Crypto analysis: Supply and demand
There are now thousands of cryptoassets globally. These assets have seen a rapid increase in interest in recent years from a broad spectrum of retail and institutional investors. Here, we focus on the leading cryptocurrency, bitcoin, which currently accounts for roughly 40% of the US$2.2 trillion crypto market.
Institutional participants like family offices, corporates, insurance companies, asset managers, and major university endowments are starting to make significant crypto-related investments. Bitcoin, in particular, has seen large institutional participation since 2020. Participants have been buying through CME futures, on the Grayscale Bitcoin Trust, and directly on exchanges.
Importantly, bitcoin was the first scarce digital asset ever created, with a fixed total supply of 21 million coins. Its new supply is cut in half every four years through the “halving” mechanism, until all 21 million coins are mined. Approximately 19 million coins have been mined to date, with around 5 million believed to be lost, 10 million stored in long-term cold storage, and close to 3 million on exchanges. This scarcity is critical to bitcoin’s potential as an asset class.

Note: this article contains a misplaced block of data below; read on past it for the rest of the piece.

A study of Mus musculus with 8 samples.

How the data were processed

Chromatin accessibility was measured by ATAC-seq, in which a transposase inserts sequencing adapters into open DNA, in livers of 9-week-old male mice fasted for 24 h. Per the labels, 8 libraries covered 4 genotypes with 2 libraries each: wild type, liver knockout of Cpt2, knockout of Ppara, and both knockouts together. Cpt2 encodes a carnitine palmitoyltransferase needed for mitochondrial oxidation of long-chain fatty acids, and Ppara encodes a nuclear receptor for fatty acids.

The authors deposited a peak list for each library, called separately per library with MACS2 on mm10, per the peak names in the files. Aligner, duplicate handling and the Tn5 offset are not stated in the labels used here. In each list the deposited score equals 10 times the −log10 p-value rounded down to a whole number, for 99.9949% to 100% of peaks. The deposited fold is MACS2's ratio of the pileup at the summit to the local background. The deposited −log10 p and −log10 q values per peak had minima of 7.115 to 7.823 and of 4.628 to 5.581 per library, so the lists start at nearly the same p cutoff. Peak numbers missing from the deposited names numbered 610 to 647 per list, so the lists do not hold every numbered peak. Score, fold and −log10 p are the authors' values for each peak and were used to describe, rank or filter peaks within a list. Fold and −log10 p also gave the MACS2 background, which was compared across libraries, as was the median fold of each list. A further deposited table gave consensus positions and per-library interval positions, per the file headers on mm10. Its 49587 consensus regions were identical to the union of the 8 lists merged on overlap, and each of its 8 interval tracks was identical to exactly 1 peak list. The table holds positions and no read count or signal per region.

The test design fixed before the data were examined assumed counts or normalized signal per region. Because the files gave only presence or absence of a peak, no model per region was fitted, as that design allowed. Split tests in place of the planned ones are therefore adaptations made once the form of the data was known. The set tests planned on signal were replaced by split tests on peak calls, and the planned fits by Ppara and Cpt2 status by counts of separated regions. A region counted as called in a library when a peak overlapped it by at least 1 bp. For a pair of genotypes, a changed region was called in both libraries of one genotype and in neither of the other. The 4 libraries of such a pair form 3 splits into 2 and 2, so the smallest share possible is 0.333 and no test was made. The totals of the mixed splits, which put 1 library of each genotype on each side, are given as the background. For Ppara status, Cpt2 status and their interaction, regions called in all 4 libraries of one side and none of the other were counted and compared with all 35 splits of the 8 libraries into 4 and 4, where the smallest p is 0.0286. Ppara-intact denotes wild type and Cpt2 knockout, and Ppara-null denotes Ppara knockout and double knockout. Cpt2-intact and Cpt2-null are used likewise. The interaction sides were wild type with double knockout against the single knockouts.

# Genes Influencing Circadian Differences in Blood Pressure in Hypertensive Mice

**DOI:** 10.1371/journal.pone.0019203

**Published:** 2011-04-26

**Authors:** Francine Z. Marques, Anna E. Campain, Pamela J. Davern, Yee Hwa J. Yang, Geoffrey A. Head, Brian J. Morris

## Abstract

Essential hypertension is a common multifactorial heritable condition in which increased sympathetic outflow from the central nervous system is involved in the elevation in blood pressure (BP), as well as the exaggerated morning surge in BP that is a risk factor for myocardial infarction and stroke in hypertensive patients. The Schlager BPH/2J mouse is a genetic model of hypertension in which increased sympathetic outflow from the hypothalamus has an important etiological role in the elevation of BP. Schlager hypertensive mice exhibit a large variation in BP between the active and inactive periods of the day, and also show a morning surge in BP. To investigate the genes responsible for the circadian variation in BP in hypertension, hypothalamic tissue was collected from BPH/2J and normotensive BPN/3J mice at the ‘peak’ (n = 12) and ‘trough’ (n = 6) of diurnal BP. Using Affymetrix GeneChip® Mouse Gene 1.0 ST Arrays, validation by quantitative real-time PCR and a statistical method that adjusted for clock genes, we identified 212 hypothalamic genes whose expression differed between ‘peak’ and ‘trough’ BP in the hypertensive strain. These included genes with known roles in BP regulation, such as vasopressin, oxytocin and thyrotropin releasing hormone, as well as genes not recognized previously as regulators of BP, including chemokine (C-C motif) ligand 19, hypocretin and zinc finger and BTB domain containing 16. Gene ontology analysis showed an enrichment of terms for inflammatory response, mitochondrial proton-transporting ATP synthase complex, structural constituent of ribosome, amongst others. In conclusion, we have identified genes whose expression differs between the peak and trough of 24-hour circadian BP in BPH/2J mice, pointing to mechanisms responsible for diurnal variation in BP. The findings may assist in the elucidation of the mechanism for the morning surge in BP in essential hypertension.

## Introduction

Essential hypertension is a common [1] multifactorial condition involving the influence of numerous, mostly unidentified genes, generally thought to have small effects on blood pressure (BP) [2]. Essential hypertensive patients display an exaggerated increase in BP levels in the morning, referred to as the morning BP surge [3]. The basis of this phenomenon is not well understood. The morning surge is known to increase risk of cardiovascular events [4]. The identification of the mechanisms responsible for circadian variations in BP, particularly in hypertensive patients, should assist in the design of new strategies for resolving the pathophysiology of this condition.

Before bitcoin, the only known scarce assets (valued only for their scarcity as a store of value) were precious metals. With a growing number of cryptocurrencies, this environment is rapidly changing. In our view, compared to other cryptos, bitcoin benefits from having the highest network effects and the largest market cap, resulting in the highest investor confidence. And just as investors believe in the value of gold because others believe in it, we think bitcoin is likely to benefit from this differentiated confidence. We believe these factors, along with growing institutional participation, currently make bitcoin less likely to be disrupted by other cryptos.